After President Joe Biden praised Governor Ron DeSantis’s leadership in the response to Hurricane Ian, CNN’s Steve Contorno speculated over the weekend that the move might have been the proverbial “kiss of death” to Crist’s campaign, in much the same way that Barack Obama hugged Crist and effectively ended his career as a Republican.
But the president’s praise did nothing of the sort. That’s because the contest is basically over already. Biden has seen the polling showing DeSantis up by a whopping 11 points in the Mason Dixon poll, an almost absurd lead by Florida standards. Now, a post hurricane poll by the Economist / YouGov shows that DeSantis’s job approval rating got a healthy boost from his handling of the storm.
And of course, President Biden is also keenly aware of DeSantis’s fundraising lead over Crist, which is equally absurd, by literally every standard in the history of politics. And it just keeps getting bigger. Last week, News Service of Florida even reported that the Seminole Tribe of Florida gave yet another million bucks to the Friends of Ron DeSantis political committee:
“The committee plays a key role in Gov. Ron DeSantis’ bid for re-election in November. DeSantis and the tribe last year negotiated a deal that included allowing the Seminoles to operate sports betting in the state. Lawmakers approved the deal, known as a compact, but a federal judge later blocked it. Also last week, the tribe contributed $1 million to the Protect Our Values Political Committee, which was formed in late August and had not reported spending any money as of Sept. 30, according to information on the state Division of Elections website.”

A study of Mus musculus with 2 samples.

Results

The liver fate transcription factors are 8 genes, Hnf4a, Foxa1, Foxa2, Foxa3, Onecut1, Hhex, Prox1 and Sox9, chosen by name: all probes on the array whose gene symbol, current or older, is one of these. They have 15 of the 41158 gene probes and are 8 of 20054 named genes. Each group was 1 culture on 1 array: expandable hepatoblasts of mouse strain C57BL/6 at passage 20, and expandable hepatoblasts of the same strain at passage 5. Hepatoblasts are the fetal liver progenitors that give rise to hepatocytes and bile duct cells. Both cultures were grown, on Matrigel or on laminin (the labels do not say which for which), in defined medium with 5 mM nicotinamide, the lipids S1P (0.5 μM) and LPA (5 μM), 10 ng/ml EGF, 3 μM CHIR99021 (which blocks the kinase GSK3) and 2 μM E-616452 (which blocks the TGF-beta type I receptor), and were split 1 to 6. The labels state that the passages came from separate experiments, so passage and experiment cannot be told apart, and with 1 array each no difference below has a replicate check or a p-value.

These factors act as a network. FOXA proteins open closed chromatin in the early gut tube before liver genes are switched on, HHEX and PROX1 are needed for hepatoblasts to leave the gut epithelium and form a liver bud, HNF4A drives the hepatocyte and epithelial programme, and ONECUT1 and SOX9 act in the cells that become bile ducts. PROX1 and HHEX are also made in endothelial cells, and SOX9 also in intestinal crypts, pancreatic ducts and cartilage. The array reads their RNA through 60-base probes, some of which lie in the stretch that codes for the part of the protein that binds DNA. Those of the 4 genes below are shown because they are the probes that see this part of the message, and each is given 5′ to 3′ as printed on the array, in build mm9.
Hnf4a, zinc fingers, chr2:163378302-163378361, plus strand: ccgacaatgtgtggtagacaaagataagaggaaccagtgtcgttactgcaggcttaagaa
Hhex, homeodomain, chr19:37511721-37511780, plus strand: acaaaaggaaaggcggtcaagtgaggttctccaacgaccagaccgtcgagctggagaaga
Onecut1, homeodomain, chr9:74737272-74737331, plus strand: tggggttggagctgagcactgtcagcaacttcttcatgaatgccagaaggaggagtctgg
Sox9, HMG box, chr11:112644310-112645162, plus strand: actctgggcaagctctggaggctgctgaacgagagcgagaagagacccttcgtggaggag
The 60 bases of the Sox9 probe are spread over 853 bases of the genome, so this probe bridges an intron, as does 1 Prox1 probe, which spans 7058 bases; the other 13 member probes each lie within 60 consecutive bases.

Meanwhile, Charlie Crist took advantage of the state’s campaign matching funds program, collecting $256,529, and pushing his overall matching-funds total to $2.66 million. But even through that program, Crist can’t gain an advantage over DeSantis, who received $211,111 on Sept. 30. And while that amount is slightly less than Crist’s, DeSantis has collected more over the long haul – nearly $6.14 million.